I have a need to perform distributed searching across a largish set of small files (~10M) with each file being a set of
key: value pairs. I have a set of servers with a total of 56 CPU cores available for this - these are mostly dual core and quad core, but also a large DL785 with 16 cores.
The system needs to be designed for online queries, I'm ideally looking to implement a web-service which returns JSON output on demand from a front-end.
To further complicate matters, for any particular search sometimes I'll only want to look at the latest version of each file, but other searches may only apply to those versions of files that existed on a particular date.
I've looked at Hadoop, but the administration is pretty horrible, and the default job submission methods are slow. It appears to be designed for offline very large scale processing, and not for online data processing.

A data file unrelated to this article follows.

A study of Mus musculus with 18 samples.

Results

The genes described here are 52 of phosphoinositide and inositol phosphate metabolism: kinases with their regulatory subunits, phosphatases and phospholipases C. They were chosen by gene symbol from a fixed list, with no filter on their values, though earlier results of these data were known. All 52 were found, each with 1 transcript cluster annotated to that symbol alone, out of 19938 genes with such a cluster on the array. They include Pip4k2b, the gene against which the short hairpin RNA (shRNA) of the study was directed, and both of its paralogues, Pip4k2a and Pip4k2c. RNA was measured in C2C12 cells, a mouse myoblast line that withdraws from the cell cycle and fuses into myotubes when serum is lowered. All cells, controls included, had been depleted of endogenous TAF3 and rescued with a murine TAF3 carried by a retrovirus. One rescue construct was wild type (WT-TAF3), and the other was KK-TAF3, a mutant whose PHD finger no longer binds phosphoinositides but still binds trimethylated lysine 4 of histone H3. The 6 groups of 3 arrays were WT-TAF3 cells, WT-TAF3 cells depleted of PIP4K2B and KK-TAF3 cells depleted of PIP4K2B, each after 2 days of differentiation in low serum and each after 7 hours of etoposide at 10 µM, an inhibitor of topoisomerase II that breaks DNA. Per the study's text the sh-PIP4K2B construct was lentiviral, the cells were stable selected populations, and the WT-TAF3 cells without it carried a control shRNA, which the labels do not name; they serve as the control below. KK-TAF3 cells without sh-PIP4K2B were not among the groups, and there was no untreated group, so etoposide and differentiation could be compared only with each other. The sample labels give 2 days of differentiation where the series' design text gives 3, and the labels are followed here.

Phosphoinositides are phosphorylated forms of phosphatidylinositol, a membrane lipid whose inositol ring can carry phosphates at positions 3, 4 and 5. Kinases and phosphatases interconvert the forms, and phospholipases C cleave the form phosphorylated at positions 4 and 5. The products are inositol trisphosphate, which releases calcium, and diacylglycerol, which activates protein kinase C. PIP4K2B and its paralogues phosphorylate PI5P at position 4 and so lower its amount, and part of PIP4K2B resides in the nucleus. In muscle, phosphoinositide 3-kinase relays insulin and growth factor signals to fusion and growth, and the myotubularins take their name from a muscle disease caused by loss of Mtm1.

CouchDB looks nice as a document store and knows about
key: value style documents and versioning and MapReduce, but I can't find anything about how it can be used as a distributed MapReduce system. All of the clustering documentation talks about using clustering and replication of the entire database for load-balancing, whereas what I need is load-distribution.
I've also investigated various DHTs, and whilst they're fine for actually storing and retrieving individual records, they're generally poor at doing the 'map' part of MapReduce. Iterating over the complete document set is crucial.
Hence my ideal system would comprise a distributed file system like Hadoop's HDFS, with the web-service capabilities of CouchDB.
Can anyone point me in the direction of anything that might help? Implementation language isn't too much of a concern, except that it must run on Linux.